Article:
Lewis's designs for Timon of Athens were produced for a portfolio, published in late 1913 by the Cube Press, and sold through bookshops for 10/6d. The sixteen sheets (six with coloured and ten with black and white subjects) were unnumbered and untitled. The present work has been identified as A Masque of Timon. Previously only two works, The Thebaid (sold at Christie's, South Kensington, 4 March 1998, lot 51, £51,000, private collection) and A Feast of the Overmen (The Wadsworth Athenaeum, Connecticut, U.S.A.) were known to have survived from Lewis's ten exhibits at Roger Fry's Second Post-Impressionist Exhibition in 1912. The recent rediscovery of the present watercolour increases the number of extant works to three.
Paul Edwards (op. cit., pp. 86-92) comments on the appeal of the character of Timon to Lewis, and the Timon series: 'the contrast between Timon as reckless benefactor and vituperative misanthrope attracted him as it has attracted few others. Timon begins the play utterly profligate with his wealth, unconcernedly dispensing entertainment and gifts on those who present themselves as friends. These friends desert him when financial difficulties strike, and Timon becomes an outcast, living in a cave. Hence his misanthropy. He finds gold, but instead of resuming his old life, gives it to Alcibiades, the exiled general come to take over the city. Lewis is likely to have found Timon sympathetic in both roles, since in both he contrasts with the moderate and self-interested Athenians who batten on him. In The Lion and the Fox, published fifteen years after his first engagement with Timon, Lewis emphasises the grandeur and naivety of Shakespeare's tragic heroes. They are fitted for an ideal world (the world of art) but discover that they are in a real one. Their 'madness' (Lear's for example) is simply an anguished disillusion, and their misanthropy is actually an expression of the truth about the world in which we all live. The Shakespearian tragic hero thus begins as a fool among knaves, though his folly indicates at least a vision of a more generous or grander world.
Six drawings from the Timon series were exhibited at the Second Post-Impressionist Exhibition in the autumn of 1912, 'by courtesy of The Cube Publishing Co.' ... The Timon project, like so many of Lewis's works, developed and transformed itself, finding new meaning in Lewis's mind as he returned to it. A significant factor was the technology of printing, which meant that the drawings reproduced in photographic colour had to be produced on expensive coated paper. This would mean that they could not simply be inserted at the beginning of every act as Lewis probably originally intended. (All the watercolour drawings were probably originally conceived as half-title pages, headed with the kind of lettering that remains on the Masque of Timon [the present work] but has been replaced with extra strips of drawing on the other three). So a set of half-title pages that could be printed on ordinary paper stock had to be produced. Lewis did these in Dunkirk, in September.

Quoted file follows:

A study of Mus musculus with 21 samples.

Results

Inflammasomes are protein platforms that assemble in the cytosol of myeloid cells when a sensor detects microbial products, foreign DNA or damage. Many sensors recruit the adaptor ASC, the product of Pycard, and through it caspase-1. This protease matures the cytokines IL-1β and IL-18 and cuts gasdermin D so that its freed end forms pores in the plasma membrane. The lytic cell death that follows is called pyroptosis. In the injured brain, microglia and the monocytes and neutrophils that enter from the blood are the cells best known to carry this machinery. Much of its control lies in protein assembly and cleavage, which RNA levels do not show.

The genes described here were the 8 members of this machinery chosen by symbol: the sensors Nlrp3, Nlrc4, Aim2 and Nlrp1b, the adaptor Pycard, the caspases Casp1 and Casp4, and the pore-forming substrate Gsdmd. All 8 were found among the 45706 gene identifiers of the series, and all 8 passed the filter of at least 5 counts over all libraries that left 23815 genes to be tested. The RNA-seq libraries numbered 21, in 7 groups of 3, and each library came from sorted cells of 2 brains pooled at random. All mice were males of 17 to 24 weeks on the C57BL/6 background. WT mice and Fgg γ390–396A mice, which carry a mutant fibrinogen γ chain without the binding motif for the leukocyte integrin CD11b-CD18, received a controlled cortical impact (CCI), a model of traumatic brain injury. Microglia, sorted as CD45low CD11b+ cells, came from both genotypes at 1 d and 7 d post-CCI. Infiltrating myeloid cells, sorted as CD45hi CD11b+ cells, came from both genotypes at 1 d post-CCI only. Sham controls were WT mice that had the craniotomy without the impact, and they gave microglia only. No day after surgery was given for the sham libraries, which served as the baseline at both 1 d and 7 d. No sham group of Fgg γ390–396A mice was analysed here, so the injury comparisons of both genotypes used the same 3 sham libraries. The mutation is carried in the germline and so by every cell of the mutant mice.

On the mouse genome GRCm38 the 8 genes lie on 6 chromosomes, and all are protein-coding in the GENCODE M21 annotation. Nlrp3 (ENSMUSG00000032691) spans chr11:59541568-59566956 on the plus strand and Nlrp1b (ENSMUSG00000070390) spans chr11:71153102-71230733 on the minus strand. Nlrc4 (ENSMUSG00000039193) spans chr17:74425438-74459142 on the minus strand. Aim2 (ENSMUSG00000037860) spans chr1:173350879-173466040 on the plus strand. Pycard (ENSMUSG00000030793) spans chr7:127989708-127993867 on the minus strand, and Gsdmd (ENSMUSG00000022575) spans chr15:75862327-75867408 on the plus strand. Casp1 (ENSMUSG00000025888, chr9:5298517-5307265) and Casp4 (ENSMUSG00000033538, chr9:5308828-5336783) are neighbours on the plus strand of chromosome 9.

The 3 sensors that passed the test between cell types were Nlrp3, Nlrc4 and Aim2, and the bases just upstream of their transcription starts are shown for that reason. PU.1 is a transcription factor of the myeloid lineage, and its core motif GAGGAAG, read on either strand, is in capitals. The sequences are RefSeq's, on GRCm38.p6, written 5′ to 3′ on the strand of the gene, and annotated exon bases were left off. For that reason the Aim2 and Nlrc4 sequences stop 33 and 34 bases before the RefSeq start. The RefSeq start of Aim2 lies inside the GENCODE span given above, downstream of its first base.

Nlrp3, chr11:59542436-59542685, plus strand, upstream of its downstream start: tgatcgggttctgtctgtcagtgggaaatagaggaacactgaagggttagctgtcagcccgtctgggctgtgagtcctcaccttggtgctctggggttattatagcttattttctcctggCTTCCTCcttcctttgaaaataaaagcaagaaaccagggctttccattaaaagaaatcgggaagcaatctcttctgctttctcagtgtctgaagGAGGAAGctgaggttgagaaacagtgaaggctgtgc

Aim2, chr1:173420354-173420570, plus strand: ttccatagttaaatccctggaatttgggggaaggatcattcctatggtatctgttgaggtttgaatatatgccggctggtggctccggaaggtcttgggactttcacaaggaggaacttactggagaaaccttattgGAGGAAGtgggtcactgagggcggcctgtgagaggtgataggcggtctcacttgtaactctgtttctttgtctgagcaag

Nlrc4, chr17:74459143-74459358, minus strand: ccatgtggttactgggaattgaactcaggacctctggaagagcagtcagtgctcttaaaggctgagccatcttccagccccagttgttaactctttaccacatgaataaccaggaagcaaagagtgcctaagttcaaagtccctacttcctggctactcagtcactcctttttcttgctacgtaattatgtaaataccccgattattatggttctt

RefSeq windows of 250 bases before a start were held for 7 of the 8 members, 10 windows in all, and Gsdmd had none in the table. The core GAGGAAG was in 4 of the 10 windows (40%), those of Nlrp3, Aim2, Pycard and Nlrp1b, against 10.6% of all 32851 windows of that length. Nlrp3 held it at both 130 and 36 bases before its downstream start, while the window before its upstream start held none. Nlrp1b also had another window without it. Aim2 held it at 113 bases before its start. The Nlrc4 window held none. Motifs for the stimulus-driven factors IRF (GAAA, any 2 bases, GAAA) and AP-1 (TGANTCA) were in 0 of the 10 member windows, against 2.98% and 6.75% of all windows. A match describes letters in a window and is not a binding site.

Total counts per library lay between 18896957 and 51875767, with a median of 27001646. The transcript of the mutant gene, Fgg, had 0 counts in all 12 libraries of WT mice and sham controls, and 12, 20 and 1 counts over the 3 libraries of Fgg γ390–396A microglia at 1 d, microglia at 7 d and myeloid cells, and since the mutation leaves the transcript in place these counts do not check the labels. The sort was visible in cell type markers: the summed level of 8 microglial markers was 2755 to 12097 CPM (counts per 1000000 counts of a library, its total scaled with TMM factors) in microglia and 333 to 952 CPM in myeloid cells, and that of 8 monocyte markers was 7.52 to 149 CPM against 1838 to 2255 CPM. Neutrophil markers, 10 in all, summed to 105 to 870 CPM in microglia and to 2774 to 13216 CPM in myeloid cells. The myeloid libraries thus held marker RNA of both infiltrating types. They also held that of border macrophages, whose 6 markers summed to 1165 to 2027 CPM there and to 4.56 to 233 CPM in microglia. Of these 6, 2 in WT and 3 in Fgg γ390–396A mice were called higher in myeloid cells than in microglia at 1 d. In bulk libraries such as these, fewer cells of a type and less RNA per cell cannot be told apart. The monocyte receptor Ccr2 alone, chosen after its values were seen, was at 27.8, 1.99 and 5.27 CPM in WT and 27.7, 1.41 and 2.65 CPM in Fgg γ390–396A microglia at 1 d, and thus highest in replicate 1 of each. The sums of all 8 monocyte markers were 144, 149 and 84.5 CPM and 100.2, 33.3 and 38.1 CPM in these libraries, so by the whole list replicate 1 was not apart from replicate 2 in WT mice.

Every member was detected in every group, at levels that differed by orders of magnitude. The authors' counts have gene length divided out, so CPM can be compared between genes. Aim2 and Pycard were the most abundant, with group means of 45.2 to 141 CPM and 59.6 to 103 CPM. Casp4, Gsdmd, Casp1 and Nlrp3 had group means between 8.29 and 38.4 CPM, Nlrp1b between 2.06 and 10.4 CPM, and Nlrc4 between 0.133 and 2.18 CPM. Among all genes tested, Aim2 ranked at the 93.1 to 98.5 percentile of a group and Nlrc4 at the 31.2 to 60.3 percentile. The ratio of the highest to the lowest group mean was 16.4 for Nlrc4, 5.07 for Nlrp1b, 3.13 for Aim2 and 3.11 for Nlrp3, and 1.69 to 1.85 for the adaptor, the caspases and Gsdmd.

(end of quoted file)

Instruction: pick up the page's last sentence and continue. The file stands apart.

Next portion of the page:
The project is Lewis's only major engagement with a literary text in his visual art (the results of an earlier project on Paradise Lost do not survive). The earlier drawings show Lewis's dazzling mastery of the 'compromise' idiom he developed from Cubism and Futurism, retaining the expressive power of the feel of the body, yet showing it as snagged in the material world which its energy transends. The theme of Shakespeare's play is reconstituted in an altogether novel use of the Modernist visual signs, so that the 'illustrative' or literary element in the pictures becomes almost fortuitous ... What we have here is a coherent visual world expressive of a range of possible relationships with the real world and a corresponding range of emotions associated with them. The new pictorial vocabularies developed by Fauvism, Cubism and Futurism are made use of in a critical spirit by a painter of enough maturity and independence to create an art that proposes an argument with these dominant modes of painting in contemporary Europe by making them functional components in a fundamentally metaphysical critique of life. The role of Bergson and Nietzsche was to supply the philosophical and 'biological' starting-points from which Lewis could develop these meditations. They were meditations of a kind unlike anything else that was being produced on the English art scene'.